Image source: http://www.theguardians.com/Microbiology/Coxiella_burnetii.png
Bacteria; Proteobacteria; Gammaproteobacteria; Legionellales; Coxiellaceae; Coxiella; Coxiella burnetii
Chromosome: 1,995,275 bp
Plasmid pSAP1: 94,287 bp
Coxiella burnetti is a gram-negative, non-sporing short, rod-like, non-motile, aerobic micro-organism that is the causal agent of Q fever, a zoonotic disease considered notifiable in the USA. This pathogen was discovered in 1937 in people working in a slaughter-house, in Queensland, Australia.
Coxiella are capable of inducing acute infections in humans resulting in isolated bouts of fever, pneumonia, granulomatous hepatitis (the most frequent form in France), abortion or meningoencephalitis.
Coxiella burnetti can induce abortion in domestic mammals (cat, dog, rabbit) and ruminants, and these animals represent their main reservoir. The danger posed by Coxiella is that they can be excreted by animals exhibiting no apparent clinical signs of the disease, whether following natural infection or because the animals have been vaccinated with an ineffective vaccine. This can then be tranported to humans via inhalation or tick bite.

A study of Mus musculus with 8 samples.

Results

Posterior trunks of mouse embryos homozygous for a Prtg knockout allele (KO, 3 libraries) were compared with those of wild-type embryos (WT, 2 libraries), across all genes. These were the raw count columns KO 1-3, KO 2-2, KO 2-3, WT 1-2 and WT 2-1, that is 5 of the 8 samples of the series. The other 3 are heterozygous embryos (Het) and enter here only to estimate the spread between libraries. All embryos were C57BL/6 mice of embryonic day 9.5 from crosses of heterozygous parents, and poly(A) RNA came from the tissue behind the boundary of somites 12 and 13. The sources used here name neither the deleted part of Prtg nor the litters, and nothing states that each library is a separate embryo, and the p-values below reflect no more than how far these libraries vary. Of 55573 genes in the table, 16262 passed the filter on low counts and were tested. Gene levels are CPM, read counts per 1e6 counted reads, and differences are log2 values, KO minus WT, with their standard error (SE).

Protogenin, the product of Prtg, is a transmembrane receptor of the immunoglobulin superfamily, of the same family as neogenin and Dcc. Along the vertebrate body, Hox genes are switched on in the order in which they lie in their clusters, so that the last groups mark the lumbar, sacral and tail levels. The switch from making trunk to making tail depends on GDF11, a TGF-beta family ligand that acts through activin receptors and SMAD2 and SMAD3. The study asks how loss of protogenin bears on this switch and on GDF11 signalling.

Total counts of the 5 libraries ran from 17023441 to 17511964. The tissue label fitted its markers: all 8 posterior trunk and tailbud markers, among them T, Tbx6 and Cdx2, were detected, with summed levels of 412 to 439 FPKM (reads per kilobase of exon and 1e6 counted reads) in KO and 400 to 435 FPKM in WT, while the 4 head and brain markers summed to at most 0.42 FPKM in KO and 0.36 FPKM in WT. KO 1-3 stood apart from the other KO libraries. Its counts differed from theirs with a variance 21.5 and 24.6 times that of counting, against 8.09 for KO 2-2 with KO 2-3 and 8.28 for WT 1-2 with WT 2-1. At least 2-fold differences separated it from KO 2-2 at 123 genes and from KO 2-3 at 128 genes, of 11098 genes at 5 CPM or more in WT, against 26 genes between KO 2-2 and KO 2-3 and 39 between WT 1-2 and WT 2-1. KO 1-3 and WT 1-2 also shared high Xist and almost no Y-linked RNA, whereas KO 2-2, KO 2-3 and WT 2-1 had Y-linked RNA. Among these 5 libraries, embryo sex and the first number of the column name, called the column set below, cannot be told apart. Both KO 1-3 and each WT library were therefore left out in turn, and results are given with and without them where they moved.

There is uncertainty with regards to what the “Q” stands for: it may mean Queensland Fever since that it where the fever was first identified, or it may used to designate ‘unknown fever’, since Q is the equivalent of the French “X".
The bacterium has been difficult to study because it cannot be cultured on artificial media, and it grows slowly. The microbe replicates about every ten hours (compared to a half hour for E. coli ), which means it can take two weeks to grow enough for some experiments.
Coxiella burnetti is considered by the US government as a possible agent for bioterrorism as it is highly infectious and resistant to heat and drying. It can become airborne and inhaled by humans. A single Coxiella burnetii organism may cause disease in a susceptible person.
The Institute for Genomic Research, 9712 Medical Center Drive, Rockville, MD 20850, USA.
Seshadri R, Paulsen IT, Eisen JA, Read TD, Nelson KE, Nelson WC, Ward NL, Tettelin H, Davidsen TM, Beanan MJ, Deboy RT, Daugherty SC, Brinkac LM, Madupu R, Dodson RJ, Khouri HM, Lee KH, Carty HA, Scanlan D, Heinzen RA, Thompson HA, Samuel JE, Fraser CM, Heidelberg JF., Proceedings of the National Academy of Sciences of the United States of America 100(9):5455-60 (2003 Apr 29).